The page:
Jacaranda

Jacaranda

On alternating Monday nights you take the green bin out with the red bin and the yellow recycling waits for the off-weeks.

You remember this because you’re running down the other side of the hill and the rain that threatens to linger has softened the purple flowers to mush on the concrete so you slow but it’s past dark and the path slopes back up where you can’t quite see so you lose your balance and you fall not forwards but back, arms out. But instead of crashing into the concrete you burst into a garden.

Thick grass at your back, roots beneath your feet, held aloft by the greenery that grows in an instant below you to stop you falling hard to the path with a crack and a bruise and, no doubt, a call back home. You stop and breathe and you’re caught in the moment but not the vines. Above you in the quiet and the peace and your heavy breath and your racing heart, on the dark side of the hill where the houses slope away into their acreage recessions, you see dim stars through the canopy overhead. The moon above too through a gap in the dark clouds more purple than black. 

Your feet find the ground again but it feels softer now and not slippery. Not sodden slush but an undergrowth all about you, across where the path was, even the road now latticed by roots and vines as if the bitumen was beneath it rather than above all this time. Clear white light floats in from above and the fire in your gut subsides for a moment before you start to move again, your feet pushing against the soft grass about you before it grows tall at the edges where the Council’s poor gardens were stubborn and wild.

Every frustrated step feels simple against this, the drive that pushed you here in the first place fading as you continue to run, the energy this time out of the freshness of the crisp air as if the not-close-but-not-far stench of the motorway has evaporated too. In this way you come back up over the next rise, darting across a thin lane that leads off into the heart of the hill before it becomes truly suburban. As you land upon the black your knees feel the unrelenting immovement beneath before your soles turn tarmac to lawn.

Cresting again and now you’re passing houses whose already overgrown fence lines have become jungle in this new floral world. Ferns thicken the air with spores and you breathe this in deep as you fall into that familiar flow you’ve been chasing for the last few miles, finally freeing yourself somehow of the rest of set what you off, but it lingers in that unshakeable vault at the back of your mind as you go — though the grasses and the vines and the roots and the leaves feel as if they’re working their way inside you to wrap themselves about the great wheel that you’ve always imagined protects what’s within.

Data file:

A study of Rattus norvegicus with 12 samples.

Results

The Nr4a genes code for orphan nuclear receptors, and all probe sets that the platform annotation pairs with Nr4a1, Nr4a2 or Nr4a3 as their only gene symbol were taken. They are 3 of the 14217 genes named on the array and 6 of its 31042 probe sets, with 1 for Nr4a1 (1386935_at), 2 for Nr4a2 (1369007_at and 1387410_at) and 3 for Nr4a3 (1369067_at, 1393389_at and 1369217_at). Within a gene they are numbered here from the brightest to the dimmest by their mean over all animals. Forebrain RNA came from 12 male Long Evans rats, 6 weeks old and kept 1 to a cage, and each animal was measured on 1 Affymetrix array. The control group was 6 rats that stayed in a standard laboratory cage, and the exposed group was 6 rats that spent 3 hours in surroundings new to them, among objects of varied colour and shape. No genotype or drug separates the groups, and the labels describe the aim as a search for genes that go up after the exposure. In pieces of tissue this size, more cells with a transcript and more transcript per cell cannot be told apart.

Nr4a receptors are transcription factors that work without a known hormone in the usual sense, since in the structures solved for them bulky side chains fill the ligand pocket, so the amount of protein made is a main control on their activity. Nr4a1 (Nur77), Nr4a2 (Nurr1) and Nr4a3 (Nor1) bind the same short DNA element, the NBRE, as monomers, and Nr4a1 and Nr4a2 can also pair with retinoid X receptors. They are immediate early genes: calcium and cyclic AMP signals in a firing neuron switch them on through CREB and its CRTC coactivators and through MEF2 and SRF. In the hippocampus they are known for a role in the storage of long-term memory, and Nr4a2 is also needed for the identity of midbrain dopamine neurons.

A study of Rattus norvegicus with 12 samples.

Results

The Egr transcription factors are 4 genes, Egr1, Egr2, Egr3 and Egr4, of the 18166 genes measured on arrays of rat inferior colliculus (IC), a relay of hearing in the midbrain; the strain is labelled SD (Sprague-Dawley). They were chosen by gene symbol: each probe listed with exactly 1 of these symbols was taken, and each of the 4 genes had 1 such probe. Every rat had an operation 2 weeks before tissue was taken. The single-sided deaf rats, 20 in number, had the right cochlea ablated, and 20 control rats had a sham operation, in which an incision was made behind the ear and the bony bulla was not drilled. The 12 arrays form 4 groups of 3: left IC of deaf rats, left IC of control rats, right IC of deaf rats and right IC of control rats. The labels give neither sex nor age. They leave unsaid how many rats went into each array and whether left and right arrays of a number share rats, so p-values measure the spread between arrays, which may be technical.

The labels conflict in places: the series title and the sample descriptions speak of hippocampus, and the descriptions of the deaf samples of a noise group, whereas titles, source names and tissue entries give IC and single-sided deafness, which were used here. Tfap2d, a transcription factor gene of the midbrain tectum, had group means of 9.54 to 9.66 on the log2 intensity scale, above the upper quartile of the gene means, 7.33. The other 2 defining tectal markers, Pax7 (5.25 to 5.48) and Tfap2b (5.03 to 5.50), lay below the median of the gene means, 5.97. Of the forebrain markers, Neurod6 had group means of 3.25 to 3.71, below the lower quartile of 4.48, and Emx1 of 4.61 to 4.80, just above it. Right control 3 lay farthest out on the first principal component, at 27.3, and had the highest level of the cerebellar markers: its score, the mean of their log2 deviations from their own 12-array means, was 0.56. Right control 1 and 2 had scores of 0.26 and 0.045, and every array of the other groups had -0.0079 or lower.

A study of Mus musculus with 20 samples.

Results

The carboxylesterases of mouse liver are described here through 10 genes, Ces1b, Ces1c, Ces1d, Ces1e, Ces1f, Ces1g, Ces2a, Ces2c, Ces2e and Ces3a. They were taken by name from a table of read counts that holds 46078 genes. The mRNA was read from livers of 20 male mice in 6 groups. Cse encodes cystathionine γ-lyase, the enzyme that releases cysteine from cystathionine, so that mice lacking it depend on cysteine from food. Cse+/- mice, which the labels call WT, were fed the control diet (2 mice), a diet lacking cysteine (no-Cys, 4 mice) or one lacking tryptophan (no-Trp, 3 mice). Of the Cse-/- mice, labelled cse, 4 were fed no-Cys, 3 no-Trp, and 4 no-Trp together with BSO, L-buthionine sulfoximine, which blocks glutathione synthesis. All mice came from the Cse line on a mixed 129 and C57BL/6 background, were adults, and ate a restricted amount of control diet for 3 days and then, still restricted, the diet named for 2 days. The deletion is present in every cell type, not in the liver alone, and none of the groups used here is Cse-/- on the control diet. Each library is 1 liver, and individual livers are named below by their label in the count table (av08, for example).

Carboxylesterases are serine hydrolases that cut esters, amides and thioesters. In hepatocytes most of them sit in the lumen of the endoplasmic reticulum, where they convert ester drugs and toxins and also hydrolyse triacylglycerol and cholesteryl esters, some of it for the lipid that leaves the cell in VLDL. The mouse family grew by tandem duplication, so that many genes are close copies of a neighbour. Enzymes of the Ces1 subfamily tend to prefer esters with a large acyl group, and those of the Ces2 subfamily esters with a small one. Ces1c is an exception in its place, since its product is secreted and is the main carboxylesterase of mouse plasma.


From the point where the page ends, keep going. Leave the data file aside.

You’re wrapping around the hill now, heading back towards the easy, flat, straight sections that were cleared to make arterial roads that run parallel to the highway that runs down the length of the country’s east coast and you wonder what this hallucination will reveal as you get to the stretch with the park caught cramped between roads large and small but you don’t make it quite that far before the doe comes moving up the wide rock and dirt path of the road. You keep running towards it because you’re in a rhythm and to stop now would break it and shatter all of this and the deer is hungry but not for you, filled though you are with plants and protein, so you pass each other by with just a glance. Here the cold wind hits and the purple flowers return ahead in a tall round passage funnelled in by trees stretching across to the edge of the trail and bounded by grasses and gardens and eucalypts that reach deep down below and then high above it again, so high their leaves commune with the night sky to whisper in dreams on a spring wind.

The heavy sky breaks and you make your way into the passage as that vault in your mind, holding all of it from before, turns from steel to wood, some kind of reverse alchemy, and you feel it in your run as the pressure breaks too and you struggle some again at that wall because the downward slope has flattened out and you remind yourself that you’re keeping track with that black mirror and you can’t help it as the rain drips through the awning that fades in the harsh white light.

You’ve a good pace. But you look back up and it’s all gone. Night dark about you again and cooling as you walk now, having nearly but not quite forgotten why you left the house in your trainers without a word but knowing that, when you return, what was once fury had been sown as the flowers you’d seen all about you. The downpour takes the heat out of it, out of you, seems to steam it up towards the stars.

You start to run again both to get dry and to get home and you wonder how to see all that again but you worry about what it will take.